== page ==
The Wild Blue Yonder

2005
Sci-fi
Documentary
1h 20m
The film follows a hypothetical proposition: a group of astronauts are circling the earth in a spacecraft, but they cannot return, as our planet has become uninhabitable. The cause of this remains open - all-out war, outbreak of a new disease beyond control, radiation after the complete disappearance of the ozone layer, or whatever. The crew of the spacecraft has to find a more hospitable place out there in space, and releases a probe from their cargo bay, Galileo. But Galileo - after sending back very disquieting data - has to be sent on a suicide mission. (Warner Herzog Filmproduktion)
Your probable score

2005
Sci-fi
Documentary
1h 20m
Your probable score
Avg Percentile 43.06% from 227 total ratings

Ratings & Reviews

(227)
36
28th
If you were going to make a Herzog parody he's already saved you the trouble with this, save for the lack of non-sequitor animals.
Rated 07 Feb 2007
59
16th
The underwater scenes, although they start to try your patience, ARE beautiful; however, the space shuttle clips are pointless and dull. It's a real chore to get through the first half of the movie and get to the underwater stuff, which in itself would probably be more interesting from a documentary viewpoint rather than within the confines of Dourif's hokey narrative. There's an ecological message underpinning the whole thing that doesn't really move me either.
Rated 05 Aug 2020
50
17th
People seem to see the music of this film as one of its redeeming qualities, but I found the way in which it strains to imbue a sense of mysticism into everything pretty grating. There are some nice moments, in particular the underwater footage and Brad Dourif, but some of what is shown simply isn't interesting and even that which is doesn't feel like it is actually being elevated at all by the film's form.
Rated 11 Oct 2009
3
45th
Humanity is insignificant in the grand scheme of nature. Even as someone fascinated with all things extra-terrestrial, I found the ideas here a bit thin. Extraordinary footage combined with awesome music - par for the course with Herzog - is more than enough to keep my attention, though. An interesting experiment, but I prefer Lessons of Darkness.
Rated 12 Dec 2008
65
44th
It's Herzog doing Science Fiction, what did you expect? I enjoyed the bit on chaotic transport, and Brad Dourif was great.
Rated 10 Jan 2012
24
25th
What happens when Werner Herzog gives a crazy homeless guy a fifth of dollar-store whiskey and an hour's worth of random early 90s NASA footage and tells him to narrate whatever the hell he wants? And what happens when you take the results and set them to violin-driven Middle-Eastern tribal droning, coupled with a title sequence that looks like it was done using the effects available in a pre-installed version of Home DVD Maker? I'm sure you've guessed by now.
Rated 15 Mar 2009
77
58th
Herzog doing sci-fi with stock-material fron NASA and some diving-clips under the ice. Weird, but it all works somehow.
Rated 06 Feb 2007
60
33rd
Kind of a chore at times, but I mostly enjoyed it. It would've benefitted from more screen time with Brad Dourif. The DVD is worth owning for the commentary by Herzog and Dourif (with Norman Hill mediating of course), and for the interviews.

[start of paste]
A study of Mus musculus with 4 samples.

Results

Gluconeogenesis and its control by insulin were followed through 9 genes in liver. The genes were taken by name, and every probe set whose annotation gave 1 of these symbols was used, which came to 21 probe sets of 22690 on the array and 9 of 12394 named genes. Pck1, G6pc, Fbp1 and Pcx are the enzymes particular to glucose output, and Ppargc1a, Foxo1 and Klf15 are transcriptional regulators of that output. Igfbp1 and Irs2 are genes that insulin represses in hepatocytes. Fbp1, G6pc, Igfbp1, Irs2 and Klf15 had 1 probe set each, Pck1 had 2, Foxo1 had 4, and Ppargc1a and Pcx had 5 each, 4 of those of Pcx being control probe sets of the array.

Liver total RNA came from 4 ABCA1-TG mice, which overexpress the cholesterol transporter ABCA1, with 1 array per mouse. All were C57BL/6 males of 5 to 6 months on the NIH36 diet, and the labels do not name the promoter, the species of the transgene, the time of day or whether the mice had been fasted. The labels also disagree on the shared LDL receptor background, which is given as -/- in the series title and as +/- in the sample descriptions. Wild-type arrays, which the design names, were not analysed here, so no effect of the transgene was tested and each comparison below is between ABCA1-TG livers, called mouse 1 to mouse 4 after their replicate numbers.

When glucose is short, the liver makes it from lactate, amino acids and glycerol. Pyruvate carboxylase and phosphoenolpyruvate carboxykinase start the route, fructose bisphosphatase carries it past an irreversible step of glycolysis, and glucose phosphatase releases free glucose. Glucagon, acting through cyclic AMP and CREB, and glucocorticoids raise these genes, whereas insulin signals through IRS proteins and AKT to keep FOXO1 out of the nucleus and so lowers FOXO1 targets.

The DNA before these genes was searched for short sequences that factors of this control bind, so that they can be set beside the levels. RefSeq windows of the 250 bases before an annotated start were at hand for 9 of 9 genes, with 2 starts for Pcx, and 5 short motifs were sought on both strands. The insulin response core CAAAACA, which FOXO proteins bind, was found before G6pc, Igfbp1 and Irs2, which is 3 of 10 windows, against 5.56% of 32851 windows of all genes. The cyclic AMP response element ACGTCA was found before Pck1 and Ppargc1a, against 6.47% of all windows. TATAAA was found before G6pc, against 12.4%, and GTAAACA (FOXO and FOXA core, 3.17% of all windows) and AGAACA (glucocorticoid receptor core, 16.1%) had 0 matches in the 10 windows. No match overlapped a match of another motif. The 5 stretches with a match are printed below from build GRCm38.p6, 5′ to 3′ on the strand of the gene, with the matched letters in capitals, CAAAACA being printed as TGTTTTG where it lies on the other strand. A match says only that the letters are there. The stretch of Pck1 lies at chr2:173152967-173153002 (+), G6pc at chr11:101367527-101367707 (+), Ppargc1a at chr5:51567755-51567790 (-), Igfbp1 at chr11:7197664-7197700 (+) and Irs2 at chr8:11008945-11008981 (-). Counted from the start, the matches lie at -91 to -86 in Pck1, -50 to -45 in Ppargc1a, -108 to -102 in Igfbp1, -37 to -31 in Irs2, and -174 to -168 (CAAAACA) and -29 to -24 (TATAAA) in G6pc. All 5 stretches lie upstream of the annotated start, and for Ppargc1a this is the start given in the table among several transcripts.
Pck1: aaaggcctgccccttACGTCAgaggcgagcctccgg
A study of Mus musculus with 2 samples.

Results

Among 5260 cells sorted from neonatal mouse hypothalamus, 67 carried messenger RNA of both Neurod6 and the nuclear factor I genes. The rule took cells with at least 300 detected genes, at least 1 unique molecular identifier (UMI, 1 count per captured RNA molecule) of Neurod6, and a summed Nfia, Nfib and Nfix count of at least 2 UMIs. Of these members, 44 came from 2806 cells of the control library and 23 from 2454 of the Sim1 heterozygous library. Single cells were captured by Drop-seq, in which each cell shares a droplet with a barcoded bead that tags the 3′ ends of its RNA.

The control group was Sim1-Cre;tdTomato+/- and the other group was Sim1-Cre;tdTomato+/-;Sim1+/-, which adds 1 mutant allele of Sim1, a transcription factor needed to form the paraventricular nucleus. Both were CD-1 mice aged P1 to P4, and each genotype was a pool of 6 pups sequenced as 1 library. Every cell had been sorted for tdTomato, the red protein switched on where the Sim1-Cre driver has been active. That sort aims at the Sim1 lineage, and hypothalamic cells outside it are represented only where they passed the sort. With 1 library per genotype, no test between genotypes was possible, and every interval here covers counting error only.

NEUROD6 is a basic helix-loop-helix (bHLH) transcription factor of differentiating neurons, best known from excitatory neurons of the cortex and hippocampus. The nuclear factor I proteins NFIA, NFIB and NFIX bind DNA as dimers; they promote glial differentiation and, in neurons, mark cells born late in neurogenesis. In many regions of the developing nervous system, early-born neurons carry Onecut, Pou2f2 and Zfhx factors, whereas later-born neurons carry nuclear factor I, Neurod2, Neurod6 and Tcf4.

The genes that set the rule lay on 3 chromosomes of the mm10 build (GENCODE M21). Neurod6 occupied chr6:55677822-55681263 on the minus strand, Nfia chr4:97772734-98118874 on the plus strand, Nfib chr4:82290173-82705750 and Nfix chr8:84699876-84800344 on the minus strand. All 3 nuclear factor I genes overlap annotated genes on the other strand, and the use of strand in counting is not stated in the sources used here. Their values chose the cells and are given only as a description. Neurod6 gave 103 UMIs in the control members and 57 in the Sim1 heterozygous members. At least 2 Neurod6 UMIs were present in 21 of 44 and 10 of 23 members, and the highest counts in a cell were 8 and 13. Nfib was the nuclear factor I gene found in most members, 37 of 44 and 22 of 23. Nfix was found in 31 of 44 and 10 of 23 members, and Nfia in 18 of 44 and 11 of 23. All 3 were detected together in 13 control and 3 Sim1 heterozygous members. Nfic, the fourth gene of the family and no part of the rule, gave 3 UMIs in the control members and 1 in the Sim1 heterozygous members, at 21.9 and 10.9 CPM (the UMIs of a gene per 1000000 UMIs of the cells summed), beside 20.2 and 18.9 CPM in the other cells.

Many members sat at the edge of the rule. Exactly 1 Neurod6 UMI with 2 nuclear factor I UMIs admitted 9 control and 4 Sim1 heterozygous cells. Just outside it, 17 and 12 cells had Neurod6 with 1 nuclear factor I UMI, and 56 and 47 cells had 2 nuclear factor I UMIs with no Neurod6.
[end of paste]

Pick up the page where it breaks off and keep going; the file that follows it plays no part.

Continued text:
Rated 19 Jul 2009
4
55th
The ultimate stoner flick.
Rated 12 Nov 2014
74
63rd
Fascinating, adventurous and beautifully hypnotic in Herzog kind of way but didn't completely work in my mind. Still unique, uncompromising and worth seeing for any cinefile.
Rated 25 Apr 2022
36
6th
I know Herzog prides himself on his aversion to storyboards. This one could have used a storyboard.
Rated 05 Oct 2013
66
32nd
65.500
Rated 31 Oct 2010
30
78th
"Thirty-four years after Aguirre: The Wrath of God, Werner Herzog remains enthralled by the marvelous, mysterious power of nature." - Nick Schager
Rated 17 Jan 2011
61
30th
61.250
Rated 04 Jul 2013
52
16th
Similar in many ways to Lessons of Darkness, but while Lessons was beautiful and engaging, this is tedious and dull. The biggest problem is that the footage is extremely repetitive and uninteresting. And it's not even Herzog's own. The underwater stuff is a bit more interesting than the NASA stuff, but not by much. Another problem I had with this is Brad Dourif. I like the guy, but man, he can really ham it up sometimes, and he's hammier here than I've ever seen him. Sorta got on my nerves.
Rated 10 Sep 2016
38
23rd
A waste of Brad Dourif. While advertised as a sort of sci-fi feature, what little plot this movie has is didactic and a rather lazy excuse to show lots and lots of voiceovered, decontextualized astronaut and diving footage, and a little bit of Martin Lo discussing the ITN (look it up). If you want to see underwater stuff you're much better off skipping to "Encounters at the End of the World".
Rated 19 May 2011
50
41st
Typical Herzog, mixing Nasa and earth's nature as a sci-fi documentary, accompanied with the characteristically Herzog nature wha-wha music. Weird stuff, but this time I was not as impressed as Herzog's other work.
Rated 23 Sep 2008
85
58th
Brad Dourif's narration and character doesn't always work, but the images themselves are so visually arresting that it's next to impossible to not at least be impressed with the film. Lyrical, poetic, practically religious.
Rated 12 Apr 2011
88
95th
GREAT idea. Never ceases to amaze...gettin Zoggy with it (nah, nah, nah, nah, nah-nah, nah!)